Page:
On his way to converting to Christianity, philosopher Franz Rosenzweig attended Yom Kippur services and was so moved that he decided to remain Jewish.
One look at the most famous prayer for the occasion makes it hard to believe that he did not abandon Judaism all the quicker.
Kol Nidrei actually is no prayer at all. Rather it is a legal formula in Aramaic that delineates obscure categories of vows and oaths known to the Bible and the rabbis, and then solemnly proclaims that we are free of them.
The origin of this concern was our ancestors’ anxiety over reneging on promises sworn in God’s name. The Talmud permitted such oaths to be canceled, but only one by one and in the presence of a talmudic sage.
The idea of a blanket nullification was anathema to rabbis who first heard of it in the eighth and ninth centuries and denounced it as “a foolish custom.” But no one listened.
The prayer had emerged alongside a parallel practice of smashing clay pottery on which a formula to annul vows had been engraved, the idea being that your enemy might have conjured evil spirits and forced them magically to promise you harm. Breaking the bowl would free them from their promise.
Here, then, is a superstition-laden prayer that was condemned by rabbinic authorities but stuck anyway. Its final version reflects a 12th-century substitution of “vows made in the future” for “vows made in the past,” so as to do away with its obvious disregard for talmudic law.
Even so, it hardly represented Judaism at its moral best. In the 19th century it fueled German anti-Semitism to the point where Jews were hauled into court and forced to swear that they would be held answerable for the truth of any oath they took there.
Despite all this, Kol Nidrei persisted, eventually supplied with unforgettable music and the choreography of a courtroom trial held before God. Jews were chanting it is as far back as 11th-century France; 14th-century German cantors were prolonging the melody to make sure latecomers got to hear it.
Polish Rabbi Mordecai Jaffe (1530–1612) sought in vain to change the text because cantors resisted coupling the age-old melody to new lyrics. Nineteenth- and 20th-century rabbis tried to substitute Psalms or write a new prayer altogether.
A more successful subterfuge was to play Kol Nidrei on a musical instrument without words or to chant the prayer but omit the words (especially in translation) from the prayer book.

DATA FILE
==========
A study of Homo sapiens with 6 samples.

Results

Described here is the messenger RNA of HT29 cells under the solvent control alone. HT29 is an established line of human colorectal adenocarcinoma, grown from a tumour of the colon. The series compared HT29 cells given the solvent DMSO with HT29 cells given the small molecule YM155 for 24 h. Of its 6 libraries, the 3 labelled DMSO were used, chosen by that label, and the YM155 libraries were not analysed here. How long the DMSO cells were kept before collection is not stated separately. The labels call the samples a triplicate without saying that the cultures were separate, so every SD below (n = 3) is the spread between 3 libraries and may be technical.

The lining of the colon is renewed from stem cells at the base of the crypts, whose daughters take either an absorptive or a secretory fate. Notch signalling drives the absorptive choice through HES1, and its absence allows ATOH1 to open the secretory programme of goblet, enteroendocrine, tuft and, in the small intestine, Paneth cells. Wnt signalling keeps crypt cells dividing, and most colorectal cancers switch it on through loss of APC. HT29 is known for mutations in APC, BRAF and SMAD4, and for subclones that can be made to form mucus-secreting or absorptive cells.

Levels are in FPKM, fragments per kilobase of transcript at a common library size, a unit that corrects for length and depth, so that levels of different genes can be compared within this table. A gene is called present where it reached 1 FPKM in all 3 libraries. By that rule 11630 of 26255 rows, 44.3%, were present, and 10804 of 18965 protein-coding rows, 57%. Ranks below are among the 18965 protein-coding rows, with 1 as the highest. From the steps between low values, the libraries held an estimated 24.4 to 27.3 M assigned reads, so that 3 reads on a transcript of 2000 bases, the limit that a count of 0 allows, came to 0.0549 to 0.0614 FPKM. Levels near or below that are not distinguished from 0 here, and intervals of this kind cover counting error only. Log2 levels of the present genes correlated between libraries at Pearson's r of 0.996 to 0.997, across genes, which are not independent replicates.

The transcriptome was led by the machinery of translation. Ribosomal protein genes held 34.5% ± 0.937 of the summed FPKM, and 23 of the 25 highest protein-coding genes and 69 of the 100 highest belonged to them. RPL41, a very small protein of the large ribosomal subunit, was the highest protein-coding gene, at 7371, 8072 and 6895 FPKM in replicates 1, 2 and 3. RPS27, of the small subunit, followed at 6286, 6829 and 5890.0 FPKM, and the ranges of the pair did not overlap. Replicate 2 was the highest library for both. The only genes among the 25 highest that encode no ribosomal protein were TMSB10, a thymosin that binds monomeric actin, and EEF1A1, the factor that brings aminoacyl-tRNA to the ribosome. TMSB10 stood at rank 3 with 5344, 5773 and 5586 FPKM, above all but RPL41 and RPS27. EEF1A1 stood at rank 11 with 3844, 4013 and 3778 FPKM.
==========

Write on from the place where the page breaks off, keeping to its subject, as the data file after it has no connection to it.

What attracts us to this strangely haunting ritual of Kol Nidrei? Is it the music? Surely.
Is it also the high drama of the occasion — Torah scrolls dressed in white and held stunningly in full view of the congregation throughout the chant? Yes, it is that as well.
But it is more.
In All These Vows: Kol Nidre (Jewish Lights, 2011) I have assembled the thoughtful and moving answers of more than 30 people — rabbis and cantors, artists and thinkers — the world over. My own view is that Kol Nidrei connects us with the sacred.
Since the 19th century we have been on a road toward greater secularity — not necessarily a bad thing, if by “secular” we mean the discovery that the world is devoid of magical forces and that everything runs by an immutable set of scientific laws.
But we have paid a price. Secularization is the process of yanking at the curtain of the universe and discovering there is no wizard micromanaging it. But a universe that operates by natural law can still have mystery.
We pilgrims on the yellow brick road strive to be secular, scientific, and savvy without giving up on God and the certainty that life still matters.
On Kol Nidrei eve, it is as if nothing has eroded that certainty because energy runs high, memories go deep, and some things seem not to have changed in a thousand years or more.
People mistakenly think that they cannot pray because they cannot believe. The reverse is true.
Prayer compels belief, not the other way around.
For a very brief moment, as Kol Nidrei is chanted, we are in touch with the sacred and with our finitude; with those we love and with the broader human universe; with our own better selves and with the God we are not even sure we believe in.